For none of the advertised reasons, and all of the right ones, the Los Angeles Opera has come through with one of its season’s best stagings, and one of the company’s few genuine Verdian triumphs. No amount of fiddling with the externals of Verdi’s steamy panorama of betrayal and vendetta — and there was plenty — got in the way of what really matters in bringing a sovereign operatic score to life.
“Bruce Beresford Transforms ‘Rigoletto,’ ” trumpets the lead article in the program book. It was all over town, in fact, that the Australian film director (“Driving Miss Daisy,” “Double Jeopardy”) had plans to shoot Verdi’s drama far out of its original Renaissance-Mantua setting and transform it into a biting expose of imperialistic double-dealings among today’s movieland elite. True, set and costume designers John Stoddart and Johann Stegmeir have melded a Hollywood identity into the visual setting: a high-kicking party assemblage to celebrate producer Duke Mantua’s “Vendetta,” his latest film epic; a rundown bar alongside a Venice, Calif., canal. Providing further “authenticity,” costumes for cast principals were created in Giorgio Armani’s legendary design emporium, and Duane Schuler’s lighting bathes it all in tones of hard-edged neon.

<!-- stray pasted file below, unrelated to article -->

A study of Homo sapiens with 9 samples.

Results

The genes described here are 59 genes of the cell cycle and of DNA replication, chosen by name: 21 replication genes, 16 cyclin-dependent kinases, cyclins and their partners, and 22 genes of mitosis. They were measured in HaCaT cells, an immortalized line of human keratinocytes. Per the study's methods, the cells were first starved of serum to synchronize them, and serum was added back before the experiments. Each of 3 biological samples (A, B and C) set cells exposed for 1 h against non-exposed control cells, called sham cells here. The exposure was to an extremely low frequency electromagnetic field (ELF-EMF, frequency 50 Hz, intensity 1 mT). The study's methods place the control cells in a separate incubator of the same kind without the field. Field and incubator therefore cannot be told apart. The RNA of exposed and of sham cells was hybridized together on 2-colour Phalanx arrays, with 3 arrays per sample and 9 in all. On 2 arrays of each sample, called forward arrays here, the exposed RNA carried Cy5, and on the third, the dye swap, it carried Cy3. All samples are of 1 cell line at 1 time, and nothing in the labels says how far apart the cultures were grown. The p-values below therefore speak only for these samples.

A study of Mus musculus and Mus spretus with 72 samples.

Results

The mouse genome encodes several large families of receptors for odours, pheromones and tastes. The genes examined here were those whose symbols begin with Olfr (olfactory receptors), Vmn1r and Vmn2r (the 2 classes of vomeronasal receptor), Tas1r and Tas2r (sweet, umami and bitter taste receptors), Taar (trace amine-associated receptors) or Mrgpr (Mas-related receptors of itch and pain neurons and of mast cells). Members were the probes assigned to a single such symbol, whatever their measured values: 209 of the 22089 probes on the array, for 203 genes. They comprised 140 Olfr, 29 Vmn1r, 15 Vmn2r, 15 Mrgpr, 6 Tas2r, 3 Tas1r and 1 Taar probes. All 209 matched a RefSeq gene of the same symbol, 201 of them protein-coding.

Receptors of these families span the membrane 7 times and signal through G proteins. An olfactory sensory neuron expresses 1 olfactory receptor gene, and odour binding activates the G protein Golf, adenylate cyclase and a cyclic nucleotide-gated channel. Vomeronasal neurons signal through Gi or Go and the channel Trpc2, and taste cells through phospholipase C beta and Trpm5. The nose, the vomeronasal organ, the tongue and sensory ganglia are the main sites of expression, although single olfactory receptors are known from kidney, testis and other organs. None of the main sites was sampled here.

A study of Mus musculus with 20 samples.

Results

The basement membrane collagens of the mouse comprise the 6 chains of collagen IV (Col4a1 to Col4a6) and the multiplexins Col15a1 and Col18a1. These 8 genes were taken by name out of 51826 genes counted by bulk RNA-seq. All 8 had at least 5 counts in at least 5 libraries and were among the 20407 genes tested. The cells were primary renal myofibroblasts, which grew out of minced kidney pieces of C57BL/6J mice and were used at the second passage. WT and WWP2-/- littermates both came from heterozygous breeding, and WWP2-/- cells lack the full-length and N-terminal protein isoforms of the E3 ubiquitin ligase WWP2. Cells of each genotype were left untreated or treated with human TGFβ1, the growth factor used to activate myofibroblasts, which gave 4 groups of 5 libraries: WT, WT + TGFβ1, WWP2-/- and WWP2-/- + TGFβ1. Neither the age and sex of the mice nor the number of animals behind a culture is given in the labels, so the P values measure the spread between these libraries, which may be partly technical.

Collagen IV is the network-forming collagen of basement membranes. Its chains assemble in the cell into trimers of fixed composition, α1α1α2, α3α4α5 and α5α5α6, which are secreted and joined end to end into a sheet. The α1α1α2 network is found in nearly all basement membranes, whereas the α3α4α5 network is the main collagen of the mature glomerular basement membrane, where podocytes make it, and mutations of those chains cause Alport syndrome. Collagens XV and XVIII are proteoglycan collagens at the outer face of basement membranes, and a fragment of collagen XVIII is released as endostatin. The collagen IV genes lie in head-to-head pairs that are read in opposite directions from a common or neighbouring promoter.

To what avail? Beresford’s updated scenario may identify hired-murderer Sparafucile as a “stunt man,” but basso Eric Owens’ character performs no stunts and murders for hire, as Verdi’s libretto ordains; Beresford’s Rigoletto may undergo transformation from jester to “agent,” but baritone Haijing Fu sings the lines of Verdi’s text, which refer to himself as a court buffoon, as written. The time-and-place may change, but the evening’s glory is the work of Verdi himself and the L.A. Opera’s superior performing forces.
Chief among these was the Gilda of Albanian soprano Inva Mula, her fourth role with the company. Her singing is a cherishable mix of girlish appeal and awesome technique, her stage presence human and enchanting. As Papa Rigoletto, Chinese baritone and Metropolitan Opera stalwart Haijing Fu turns in an impressive company debut. Tenor Frank Lopardo, as the predatory “Duke of Mantua” of Verdi’s score, or “Duke Mantua” of the Beresford remake — whatever –was his usual clean-voiced, honest musical self.
Britain’s Richard Hickox had earned high marks earlier this season conducting Bellini’s “Capulets and Montagues” and did so again in a fleet and spirited performance. Against the overuse of the pruning shears practiced by some companies — including the L.A. Opera in its 1993 version of the opera, a botched staging by Marta, wife of Placido Domingo — this “Rigoletto” was given nearly complete, lacking only the second stanza of the big act two tenor aria, the opera’s most expendable music.
“Rigoletto” is a veteran of the survival process. Jonathan Miller’s English-language production for London’s English National Opera, which turned up in Texas and New York in 1984, plunked the opera down among Manhattan’s Mafiosi; Jean-Pierre Ponnelle’s film version at La Scala set the final action in a rowboat far from shore. Somehow, the sublimity of Verdi’s own conception rises above all tampering.